UW-Madison is no longer a top-five research institution, after years of funding cuts, including a massive blow by Gov. Scott Walker and his legislative allies in the last state budget.
Since the 1970s, UW-Madison has been a top five research institution. But no longer, according to new information from the National Science Foundation.
When Walker took office, UW-Madison was 3rd overall. It has now slipped to 6th, and the trend line is going down. Walker and his right-wing allies slashed $250 million from the UW System and refused to back-fill with increased tuition. Those followed cuts in the previous administration — although increased tuition lessened the blow in earlier years.
Mark Bugher, a former top aide to Tommy Thompson, said to the Milwaukee Journal Sentinel, “We in Wisconsin can’t claim we’re in the top five on many things, but this is one where we’ve consistently been able to demonstrate to the world that UW-Madison is a premier research institution. To lose that distinction is unacceptable, in my opinion.”
Bugher also ran University Research Park, a quasi-governmental agency in Madison that helps drive research and innovation funding.
According to the Journal Sentinel:
Critics of state budget cuts have warned for years that continued cuts in the state’s investment could lead to the state’s flagship campus struggling to keep star researchers from being lured away by other elite research powerhouses. There are also concerns that less research activity at UW-Madison will hurt Wisconsin’s ability to participate in the knowledge economy and create high-potential, job-creating startups.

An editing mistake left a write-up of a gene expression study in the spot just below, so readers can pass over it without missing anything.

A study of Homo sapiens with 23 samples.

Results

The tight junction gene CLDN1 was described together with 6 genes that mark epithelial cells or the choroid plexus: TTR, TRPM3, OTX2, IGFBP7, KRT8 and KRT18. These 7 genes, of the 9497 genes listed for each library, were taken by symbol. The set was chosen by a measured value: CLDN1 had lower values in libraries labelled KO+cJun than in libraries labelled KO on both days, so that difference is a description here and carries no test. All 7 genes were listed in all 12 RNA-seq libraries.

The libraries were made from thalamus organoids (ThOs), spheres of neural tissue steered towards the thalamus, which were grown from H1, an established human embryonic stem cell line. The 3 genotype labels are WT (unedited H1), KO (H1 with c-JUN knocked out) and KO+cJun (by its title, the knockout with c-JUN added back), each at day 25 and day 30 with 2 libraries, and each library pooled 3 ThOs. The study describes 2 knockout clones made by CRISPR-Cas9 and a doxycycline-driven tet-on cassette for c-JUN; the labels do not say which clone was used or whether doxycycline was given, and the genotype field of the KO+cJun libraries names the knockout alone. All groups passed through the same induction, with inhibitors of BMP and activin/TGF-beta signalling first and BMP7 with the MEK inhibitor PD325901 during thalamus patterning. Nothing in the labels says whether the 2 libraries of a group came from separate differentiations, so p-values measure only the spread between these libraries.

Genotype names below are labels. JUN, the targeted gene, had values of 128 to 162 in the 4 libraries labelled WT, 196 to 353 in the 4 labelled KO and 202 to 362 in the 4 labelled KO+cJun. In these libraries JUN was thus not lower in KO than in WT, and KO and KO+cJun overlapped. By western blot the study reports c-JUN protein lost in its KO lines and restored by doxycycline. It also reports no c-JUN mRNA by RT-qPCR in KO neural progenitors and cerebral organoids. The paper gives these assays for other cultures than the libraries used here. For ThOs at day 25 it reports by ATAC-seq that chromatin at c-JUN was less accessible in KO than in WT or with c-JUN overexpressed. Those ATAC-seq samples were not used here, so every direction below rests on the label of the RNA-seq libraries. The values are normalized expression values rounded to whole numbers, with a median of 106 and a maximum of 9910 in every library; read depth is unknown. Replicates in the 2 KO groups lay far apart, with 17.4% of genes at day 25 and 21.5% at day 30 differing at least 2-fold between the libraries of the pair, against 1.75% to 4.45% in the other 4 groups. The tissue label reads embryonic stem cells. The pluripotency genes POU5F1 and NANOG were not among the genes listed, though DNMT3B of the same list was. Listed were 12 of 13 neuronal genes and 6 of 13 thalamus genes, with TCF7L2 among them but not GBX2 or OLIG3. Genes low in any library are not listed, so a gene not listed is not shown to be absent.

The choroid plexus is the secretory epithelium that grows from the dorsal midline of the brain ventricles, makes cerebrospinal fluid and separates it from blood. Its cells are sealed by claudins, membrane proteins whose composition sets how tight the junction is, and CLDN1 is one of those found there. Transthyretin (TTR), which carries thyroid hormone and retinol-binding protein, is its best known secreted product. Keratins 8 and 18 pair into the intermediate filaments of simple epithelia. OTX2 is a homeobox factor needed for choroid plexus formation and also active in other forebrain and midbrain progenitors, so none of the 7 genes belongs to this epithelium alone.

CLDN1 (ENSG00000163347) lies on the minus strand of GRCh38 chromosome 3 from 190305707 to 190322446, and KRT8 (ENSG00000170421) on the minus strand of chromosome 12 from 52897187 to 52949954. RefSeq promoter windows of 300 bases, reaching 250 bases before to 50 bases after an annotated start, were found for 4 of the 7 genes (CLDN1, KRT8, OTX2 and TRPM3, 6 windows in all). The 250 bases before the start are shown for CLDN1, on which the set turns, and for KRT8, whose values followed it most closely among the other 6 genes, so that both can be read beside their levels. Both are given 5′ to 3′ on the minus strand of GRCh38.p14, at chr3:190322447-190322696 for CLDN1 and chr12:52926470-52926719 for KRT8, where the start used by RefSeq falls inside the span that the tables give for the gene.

Others noted the effect of “brain drain,” where the most talented entrepreneurs and researchers choose to conduct research and create companies in other states.
Joe Kirgues, known as one of the founders of gener8tor, an innovation and entrepreneurship organization, said to the Journal Sentinel, “The alternative to a strong UW system is a continued brain drain from the state of Wisconsin and thousands, if not tens of thousands of lost jobs. Our fervent hope is that the state’s elected and business leaders work together to keep this university an internationally-recognized research school.”
UW-Madison leaders indicated they still consider the university an “elite research institution,” but warned that without additional state investment, they will be less able to compete for top-notch faculty and research dollars.
Research dollars attracted to Wisconsin pay for salaries, services, supplies and equipment to support research, serving as an important statewide economic driver. Money from UW-Madison research grants is spent in every one of Wisconsin’s 72 counties. According to the National Academy of Inventors and the Intellectual Property Owners Association, UW-Madison – through the Wisconsin Alumni Research Foundation – ranked seventh among universities worldwide in 2015 with 161 new patents. Nearly 25,000 jobs supported through 362 startup companies can be fairly attributed to UW-Madison programs of research, according to NorthStar Economics, contributing $2.3 billion annually to Wisconsin’s economy.
This story has been updated with UW-Madison’s reaction.